By Josh Beneteau
A Stinger, a Ram and some Zebras were inducted into the Ryerson athletics hall of fame Saturday.
Ryerson president Sheldon Levy and athletic director Ivan Joseph presented plaques to the 2014 class: volleyball star Erin Loughnane, women’s hockey founder Stephanie Veltmann and the Zebra’s men’s soccer team from 1960’s.
“A big part of the university experience is student engagement and the opportunities the university gives,” Levy said. “Being here is a big thank you to these initial leaders in the community.”
Loughnane was inducted in the player category, having played four year with the women’s volleyball team from 2002-06.
Volleyball star Erin Loughnane
The radio and television arts grad, who now works as a teacher, was captain for three of the four years she played. She was also the Ryerson female rookie of the year in 2003, the female athlete of the year and a four-time OUA all-star.
“Ryerson’s played a big part of my life and I am really honoured to be part of the athletics community,” she said.
Veltmann was inducted in the builder category for her role in getting the women’s hockey program off the ground.
Women’s hockey founder, Stephanie Veltmann
The fashion communications grad (2009) campaigned for two years before getting the green light and funding from Levy to found the team. With her parents and brother helping coach and $16,500 from the school, Veltmann led the Ryerson Stingers women’s hockey team to the Tier 4 division Golden Blades Women’s Hockey League championship in their first season.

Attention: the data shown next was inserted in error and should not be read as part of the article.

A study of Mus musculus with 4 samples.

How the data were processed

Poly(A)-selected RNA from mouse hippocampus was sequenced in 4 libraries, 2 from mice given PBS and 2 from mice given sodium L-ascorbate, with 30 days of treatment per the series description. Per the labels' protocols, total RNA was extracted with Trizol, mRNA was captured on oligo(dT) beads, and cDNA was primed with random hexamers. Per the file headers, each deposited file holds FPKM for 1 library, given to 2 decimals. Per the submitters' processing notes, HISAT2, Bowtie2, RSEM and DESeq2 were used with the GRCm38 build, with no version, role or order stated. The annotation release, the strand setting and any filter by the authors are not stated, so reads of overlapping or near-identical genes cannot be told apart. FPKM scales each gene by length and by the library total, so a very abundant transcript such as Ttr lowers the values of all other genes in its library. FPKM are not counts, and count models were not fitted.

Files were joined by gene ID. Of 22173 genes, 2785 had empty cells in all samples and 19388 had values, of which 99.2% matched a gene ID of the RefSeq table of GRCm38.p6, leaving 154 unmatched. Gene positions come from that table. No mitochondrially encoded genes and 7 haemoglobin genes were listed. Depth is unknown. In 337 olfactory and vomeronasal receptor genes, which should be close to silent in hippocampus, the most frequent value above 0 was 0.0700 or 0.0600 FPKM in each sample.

In 2011, the team came under the Rams banner and officially joined the Canadian Interuniversity Sport (CIS) as a varsity team.
The Ryerson Zebras men’s soccer team was inducted in the team category. They were one of the most successful teams in Ryerson history, winning five consecutive provincial championships from 1964-68.
Nine players and one coach were on hand for the ceremony. Tom Sosa, who coached the team from 1964-66, said he got the job by pure luck. Howard Kerr, namesake for Kerr Hall and the first principal at Ryerson, saw Sosa playing soccer in the quad and hired him on the spot.
Sosa said things have changed a lot since he was at Ryerson but that it was nice to see old friends.
“When I came, it was only the quad, there was nothing else,” he said. “Some people look healthy and others don’t look so well, but still the joy is there that after 50 years we can still get together.”